Across nearly all countries in Western and Central Africa, seed producing farmer cooperatives play a key role in improving access to quality seeds for smallholder farmers. A new study by the Access to Seeds Index, made possible with the support of AgriCord and Agence Française de Développement (AFD), reviewed the activities of over 50 seed producing cooperatives in 20 countries in the region. A first draft of the study was discussed by regional experts in Accra on 17 April 2018. According to one of the experts, the study highlights ‘the indigenous power of the seed sector in Western and Central Africa.’
At a preceding meeting in Abidjan in October 2017, the seed experts that form a regional advisory committee of the Access to Seeds Index, underlined the need to see the seed sector in Western and Central Africa as a continuum of seed companies and seed producing cooperatives. ‘If we want to improve access to quality seeds for small farmers we need to unlock the potential that comes with this diversity of actors,’ one expert stated on that occasion. ‘Farmer cooperatives are often referred to as part of the informal seed sector. But that ignores the fact that many of these cooperatives or farmer networks are formally recognized by the authorities and produce good quality seeds.’
The new study confirmed this view. The main findings discussed at the meeting were:
1) Revival: the study identifies a ‘revival’ of the cooperative model. Through either government regulation, interventions by donors, or farmers realizing themselves that they stand stronger when united, in many countries new cooperatives have been formed, or existing cooperatives revitalized in the past few decades.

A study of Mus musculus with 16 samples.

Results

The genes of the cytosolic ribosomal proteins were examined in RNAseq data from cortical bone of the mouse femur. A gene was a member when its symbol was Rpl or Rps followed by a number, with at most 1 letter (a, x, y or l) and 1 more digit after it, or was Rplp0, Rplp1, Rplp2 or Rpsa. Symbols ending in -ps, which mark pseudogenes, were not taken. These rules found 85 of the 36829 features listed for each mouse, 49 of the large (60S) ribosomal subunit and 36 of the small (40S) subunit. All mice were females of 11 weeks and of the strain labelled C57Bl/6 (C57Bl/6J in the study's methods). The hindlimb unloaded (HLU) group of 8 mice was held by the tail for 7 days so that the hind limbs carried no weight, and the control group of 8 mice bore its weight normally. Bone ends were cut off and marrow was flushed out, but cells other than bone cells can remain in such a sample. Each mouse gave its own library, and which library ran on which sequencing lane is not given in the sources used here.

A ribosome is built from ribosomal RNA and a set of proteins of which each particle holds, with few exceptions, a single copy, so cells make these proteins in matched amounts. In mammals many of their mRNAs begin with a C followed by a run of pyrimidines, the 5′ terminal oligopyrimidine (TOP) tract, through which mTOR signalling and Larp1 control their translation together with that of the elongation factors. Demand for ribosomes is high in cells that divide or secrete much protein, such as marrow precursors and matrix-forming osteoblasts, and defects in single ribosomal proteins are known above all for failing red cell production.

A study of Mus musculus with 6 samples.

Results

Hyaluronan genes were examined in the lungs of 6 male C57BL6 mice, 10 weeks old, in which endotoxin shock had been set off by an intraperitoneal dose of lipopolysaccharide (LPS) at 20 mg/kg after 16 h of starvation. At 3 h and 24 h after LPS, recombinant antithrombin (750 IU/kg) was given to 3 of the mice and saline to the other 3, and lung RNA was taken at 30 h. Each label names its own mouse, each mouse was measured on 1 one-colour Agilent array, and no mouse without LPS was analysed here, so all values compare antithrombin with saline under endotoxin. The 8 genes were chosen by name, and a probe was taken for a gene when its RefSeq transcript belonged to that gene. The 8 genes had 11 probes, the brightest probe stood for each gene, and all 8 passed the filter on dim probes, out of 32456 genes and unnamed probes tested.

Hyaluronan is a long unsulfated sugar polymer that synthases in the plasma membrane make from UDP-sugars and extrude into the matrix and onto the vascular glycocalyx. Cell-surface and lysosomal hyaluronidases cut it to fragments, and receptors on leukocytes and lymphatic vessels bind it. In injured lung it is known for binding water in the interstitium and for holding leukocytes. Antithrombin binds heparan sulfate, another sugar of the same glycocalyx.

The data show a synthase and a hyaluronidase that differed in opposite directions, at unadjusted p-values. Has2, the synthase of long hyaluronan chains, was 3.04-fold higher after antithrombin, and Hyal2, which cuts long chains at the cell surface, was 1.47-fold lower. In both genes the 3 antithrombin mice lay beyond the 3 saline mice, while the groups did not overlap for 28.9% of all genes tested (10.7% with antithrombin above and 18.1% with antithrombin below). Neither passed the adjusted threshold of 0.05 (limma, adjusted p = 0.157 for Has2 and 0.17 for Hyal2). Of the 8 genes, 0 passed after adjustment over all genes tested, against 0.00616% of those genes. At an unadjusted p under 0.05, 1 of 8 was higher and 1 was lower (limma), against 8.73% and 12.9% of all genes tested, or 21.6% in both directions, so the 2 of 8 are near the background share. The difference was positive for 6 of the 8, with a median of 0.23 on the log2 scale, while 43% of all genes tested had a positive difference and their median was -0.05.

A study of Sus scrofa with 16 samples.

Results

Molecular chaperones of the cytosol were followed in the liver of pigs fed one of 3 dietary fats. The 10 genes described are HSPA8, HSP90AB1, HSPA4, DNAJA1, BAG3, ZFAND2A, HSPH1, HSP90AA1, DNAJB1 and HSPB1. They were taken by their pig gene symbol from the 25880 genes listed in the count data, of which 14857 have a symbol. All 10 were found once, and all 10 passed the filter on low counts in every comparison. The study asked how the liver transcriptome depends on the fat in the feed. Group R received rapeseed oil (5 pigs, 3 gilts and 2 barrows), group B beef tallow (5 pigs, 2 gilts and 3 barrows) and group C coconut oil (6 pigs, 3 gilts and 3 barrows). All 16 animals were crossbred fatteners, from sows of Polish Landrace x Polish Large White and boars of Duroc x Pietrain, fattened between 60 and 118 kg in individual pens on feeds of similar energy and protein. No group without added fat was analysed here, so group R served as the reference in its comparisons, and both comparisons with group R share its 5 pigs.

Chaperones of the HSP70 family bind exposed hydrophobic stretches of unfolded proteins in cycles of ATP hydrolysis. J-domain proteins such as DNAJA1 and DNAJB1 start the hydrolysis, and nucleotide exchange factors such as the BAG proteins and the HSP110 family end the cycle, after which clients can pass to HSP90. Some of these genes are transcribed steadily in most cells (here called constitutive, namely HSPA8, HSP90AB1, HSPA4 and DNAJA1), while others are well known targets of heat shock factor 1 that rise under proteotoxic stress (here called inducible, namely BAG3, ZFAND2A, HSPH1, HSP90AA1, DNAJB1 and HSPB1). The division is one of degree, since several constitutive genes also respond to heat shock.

2) Formal: many of the seed producing cooperatives are formally recognized and should be regarded as part of the formal seed sector. Their role is described in regional and national regulations and they have structured governance models. It is not an alternative for seed companies but a distinct segment in the formal sector with added value.
3) Certified seeds of improved varieties: in general, cooperatives produce varieties provided by national or international research institutes and therefore they play a role in introducing and making available improved varieties. The primary focus is on OPV seeds, but some coops have the capacity to produce hybrids, or even early generation seeds. They do not do their own breeding but are often involved in participatory variety selection. Some do produce local varieties or multiply landraces but generally for their own use.
4) Complementary portfolio: the portfolio of seed producing cooperatives includes seeds for crops generally not found in the portfolio of seed companies, such as legumes but also propagation material for crops such as manioc and plantain, as well as local vegetables.
5) Extended reach through partnerships: the reach of cooperatives is generally very local; many lack the capacity to attain a national reach on their own. Through partnerships with public entities, seed companies or NGO’s, or through cooperation within umbrella organizations, cooperatives in some countries do extend their reach beyond their own region.
Feedback from the experts will be used to finalize the study which is scheduled for publication in July 2018.
The experts discussed the development of a benchmark or dashboards for seed producing cooperatives to help lift the level of professionality across the region. ‘Some cooperatives have developed good practices that can be an inspiration for others. But the first priority should be that cooperatives develop a strong business model that creates financial autonomy and sustainability to really unlock their potential’, one expert concluded.
Final report available in July 2018.